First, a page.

Getting high in private: Will the ConCourt be for or against?

Tetrahydrocannabinol, one of at least 113 cannabinoids identified in cannabis, is listed as a schedule seven substance. (Nic Bothma/EPA)

Tetrahydrocannabinol, one of at least 113 cannabinoids identified in cannabis, is listed as a schedule seven substance. (Nic Bothma/EPA)

The battle over whether the private use of cannabis is a crime is expected to come to an end on Tuesday when the Constitutional Court hands down judgment.

The decriminalisation of cannabis has been a hot topic since the early 2000s with those in support of decriminalising arguing that the criminalisation of dagga use and possession is a violation of the right to equality, dignity and freedom of religion.

In March 2017 the Western Cape high court ordered that sections of both the Drugs and Drugs Trafficking Act and the Medicine and Related Substances Control Act, which criminalised the use and possession of cannabis, were inconsistent with the Constitution and therefore invalid.

Section 4(b) and 5(b) of the Drugs Act under the chapter of illegal acts states that: No person shall use or have in his possession, or deal in, “any dangerous dependence-producing substance or any undesirable dependence-producing substance.”

Sections 22A(9)(a)(i) of the Medicines Act declares that no person is permitted to use, cultivate, keep or sell any schedule seven substance.

Tetrahydrocannabinol, one of at least 113 cannabinoids identified in cannabis, is listed as a schedule seven substance.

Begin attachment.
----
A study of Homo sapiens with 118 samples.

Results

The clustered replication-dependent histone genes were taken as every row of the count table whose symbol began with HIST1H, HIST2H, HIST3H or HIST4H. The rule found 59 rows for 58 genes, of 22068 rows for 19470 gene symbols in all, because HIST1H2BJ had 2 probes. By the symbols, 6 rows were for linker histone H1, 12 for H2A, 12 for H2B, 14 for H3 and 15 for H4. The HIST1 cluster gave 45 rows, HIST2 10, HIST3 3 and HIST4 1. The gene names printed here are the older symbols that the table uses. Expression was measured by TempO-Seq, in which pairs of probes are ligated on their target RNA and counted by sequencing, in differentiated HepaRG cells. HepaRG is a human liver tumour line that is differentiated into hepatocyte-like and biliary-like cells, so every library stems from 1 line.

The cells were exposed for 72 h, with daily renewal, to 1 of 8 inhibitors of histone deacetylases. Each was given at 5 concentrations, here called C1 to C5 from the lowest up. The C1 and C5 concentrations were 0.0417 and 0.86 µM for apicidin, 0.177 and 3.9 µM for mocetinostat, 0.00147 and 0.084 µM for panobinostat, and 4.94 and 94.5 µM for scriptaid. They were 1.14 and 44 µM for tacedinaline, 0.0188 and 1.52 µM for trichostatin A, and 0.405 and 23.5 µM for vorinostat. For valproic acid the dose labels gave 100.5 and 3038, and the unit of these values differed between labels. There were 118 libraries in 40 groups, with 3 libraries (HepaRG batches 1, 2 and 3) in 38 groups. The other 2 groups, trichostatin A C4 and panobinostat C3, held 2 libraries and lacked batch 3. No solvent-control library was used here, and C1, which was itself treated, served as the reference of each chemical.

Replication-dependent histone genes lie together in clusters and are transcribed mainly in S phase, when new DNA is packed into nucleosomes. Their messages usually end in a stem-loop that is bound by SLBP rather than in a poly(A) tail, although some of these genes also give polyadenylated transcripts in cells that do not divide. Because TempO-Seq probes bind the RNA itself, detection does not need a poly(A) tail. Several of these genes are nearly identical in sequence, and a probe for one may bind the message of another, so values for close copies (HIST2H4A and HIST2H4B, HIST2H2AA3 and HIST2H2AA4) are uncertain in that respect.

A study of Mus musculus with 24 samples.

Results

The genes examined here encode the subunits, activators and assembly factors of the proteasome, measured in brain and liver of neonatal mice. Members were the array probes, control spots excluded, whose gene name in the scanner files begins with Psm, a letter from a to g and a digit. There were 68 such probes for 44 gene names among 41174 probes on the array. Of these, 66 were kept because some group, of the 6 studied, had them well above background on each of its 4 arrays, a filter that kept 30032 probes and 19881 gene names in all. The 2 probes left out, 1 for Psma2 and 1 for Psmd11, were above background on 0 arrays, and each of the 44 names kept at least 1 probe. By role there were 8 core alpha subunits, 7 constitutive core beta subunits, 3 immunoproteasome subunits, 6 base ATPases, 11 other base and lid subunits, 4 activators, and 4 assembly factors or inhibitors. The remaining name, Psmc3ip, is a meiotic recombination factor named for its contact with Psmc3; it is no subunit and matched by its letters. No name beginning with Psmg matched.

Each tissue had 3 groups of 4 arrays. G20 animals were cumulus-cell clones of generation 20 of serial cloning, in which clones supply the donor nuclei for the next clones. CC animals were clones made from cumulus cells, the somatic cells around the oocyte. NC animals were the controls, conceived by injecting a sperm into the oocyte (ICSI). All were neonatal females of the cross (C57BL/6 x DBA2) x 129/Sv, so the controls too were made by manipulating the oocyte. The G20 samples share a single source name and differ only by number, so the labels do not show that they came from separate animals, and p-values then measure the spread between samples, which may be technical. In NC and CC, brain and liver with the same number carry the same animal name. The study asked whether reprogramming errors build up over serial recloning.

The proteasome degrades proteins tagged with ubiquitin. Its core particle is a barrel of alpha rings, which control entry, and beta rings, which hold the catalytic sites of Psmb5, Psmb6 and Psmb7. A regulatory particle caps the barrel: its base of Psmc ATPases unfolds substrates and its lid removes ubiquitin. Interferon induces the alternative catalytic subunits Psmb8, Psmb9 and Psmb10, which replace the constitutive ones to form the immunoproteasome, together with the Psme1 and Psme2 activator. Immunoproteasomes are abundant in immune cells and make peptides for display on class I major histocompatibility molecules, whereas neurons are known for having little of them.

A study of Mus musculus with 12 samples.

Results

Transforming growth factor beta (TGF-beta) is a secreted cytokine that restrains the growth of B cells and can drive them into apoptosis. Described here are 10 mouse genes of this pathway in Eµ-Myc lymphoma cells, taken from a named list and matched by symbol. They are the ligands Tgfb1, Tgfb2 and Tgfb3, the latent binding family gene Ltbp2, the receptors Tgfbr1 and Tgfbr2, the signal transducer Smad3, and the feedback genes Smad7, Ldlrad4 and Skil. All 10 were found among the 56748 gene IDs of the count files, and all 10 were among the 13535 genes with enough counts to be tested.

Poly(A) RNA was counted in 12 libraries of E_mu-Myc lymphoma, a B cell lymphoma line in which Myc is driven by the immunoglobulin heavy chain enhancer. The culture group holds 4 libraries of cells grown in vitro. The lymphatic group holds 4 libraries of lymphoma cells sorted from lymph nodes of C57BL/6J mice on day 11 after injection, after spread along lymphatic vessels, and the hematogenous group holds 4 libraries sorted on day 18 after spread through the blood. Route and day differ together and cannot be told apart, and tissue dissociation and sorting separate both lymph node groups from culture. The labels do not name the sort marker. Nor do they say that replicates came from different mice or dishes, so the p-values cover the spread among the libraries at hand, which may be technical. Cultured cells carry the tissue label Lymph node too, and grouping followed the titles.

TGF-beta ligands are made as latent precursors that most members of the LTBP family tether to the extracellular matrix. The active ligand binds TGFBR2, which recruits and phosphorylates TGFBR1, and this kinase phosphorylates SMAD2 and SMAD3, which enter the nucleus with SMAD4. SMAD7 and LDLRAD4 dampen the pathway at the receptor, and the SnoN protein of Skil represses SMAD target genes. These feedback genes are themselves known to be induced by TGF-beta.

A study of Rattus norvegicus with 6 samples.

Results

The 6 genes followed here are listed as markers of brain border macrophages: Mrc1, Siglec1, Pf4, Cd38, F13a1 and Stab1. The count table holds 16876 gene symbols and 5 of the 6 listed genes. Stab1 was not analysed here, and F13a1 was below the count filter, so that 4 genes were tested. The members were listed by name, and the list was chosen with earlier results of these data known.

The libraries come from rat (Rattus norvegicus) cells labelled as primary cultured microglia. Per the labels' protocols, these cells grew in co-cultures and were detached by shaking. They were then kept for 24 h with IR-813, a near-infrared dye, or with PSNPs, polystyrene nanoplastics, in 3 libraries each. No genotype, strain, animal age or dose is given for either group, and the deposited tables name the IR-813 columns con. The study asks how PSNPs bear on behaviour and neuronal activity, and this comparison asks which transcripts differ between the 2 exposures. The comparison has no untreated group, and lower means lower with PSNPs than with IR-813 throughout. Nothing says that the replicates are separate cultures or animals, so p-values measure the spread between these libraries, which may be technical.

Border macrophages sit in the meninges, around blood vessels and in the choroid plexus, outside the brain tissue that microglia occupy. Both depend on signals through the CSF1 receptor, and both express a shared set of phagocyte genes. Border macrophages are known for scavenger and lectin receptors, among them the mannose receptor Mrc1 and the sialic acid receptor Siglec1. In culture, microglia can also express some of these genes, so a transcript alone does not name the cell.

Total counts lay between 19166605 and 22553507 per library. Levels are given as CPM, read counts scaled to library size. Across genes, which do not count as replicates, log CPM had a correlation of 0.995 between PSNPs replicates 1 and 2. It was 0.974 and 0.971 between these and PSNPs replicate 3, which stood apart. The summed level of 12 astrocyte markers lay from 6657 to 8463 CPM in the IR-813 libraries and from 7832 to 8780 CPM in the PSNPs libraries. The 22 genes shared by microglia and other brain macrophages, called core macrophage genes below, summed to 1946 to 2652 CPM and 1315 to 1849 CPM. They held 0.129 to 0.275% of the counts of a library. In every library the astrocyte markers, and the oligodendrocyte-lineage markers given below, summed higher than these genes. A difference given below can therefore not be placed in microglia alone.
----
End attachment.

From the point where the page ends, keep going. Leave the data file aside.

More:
The high court found that the two Acts limit cannabis users’ right to privacy and that if a person purchases, possesses or cultivates the drug in the privacy of their home and for his/or her “sole personal consumption”, then the prohibiting stipulations in the Acts are unjustifiable.

It ordered Parliament to change these sections in the two Acts within 24 months of handing down of the judgment. The high court also made an order allowing any person charged under the relevant provision of the Drugs Act or the Medicines Act, to use the decision as a defence.

In November 2017, the Constitutional Court heard an appeal application by the National Prosecuting Authority and number of ministers, including the minister of justice and constitutional development, the minister of police, the minister of health, the minister of trade and industry, the minister of social development and the minister of international relations and cooperation.

They sought leave to appeal the decision of the high court, which ordered that “the relevant provisions are only unconstitutional to the extent that they trench upon the private use and consumption of a quantity of cannabis for personal purposes, which the legislative considers does not constitute undue harm.”

They argued that the high court erred in deciding the case before it on the basis of privacy as privacy had not been properly pleaded before it.

They also argued that there is objective proof of the harmful effects of cannabis, that cannabis is a “gateway” drug and that this drug is predominantly used by vulnerable members of society and places them at greater risk of dependency.

The Constitutional Court also heard, at the same time, an application for the confirmation of the high court’s order.

The applicants argued that the provisions in the Acts are excessive in their blanket ban on cannabis and “intrude unjustifiably into their private sphere”.

They also argued that there should be less drastic measures for government to keep dependency-inducing drugs away from the public via new legislation.

These two applications are what the court will rule on on Tuesday. 

Mashadi Kekana
Gemma Ritchie

Gemma Ritchie

Gemma Ritchie works in the Mail & Guardian's online department. She majored in English Literature at a small liberal arts college in the USA.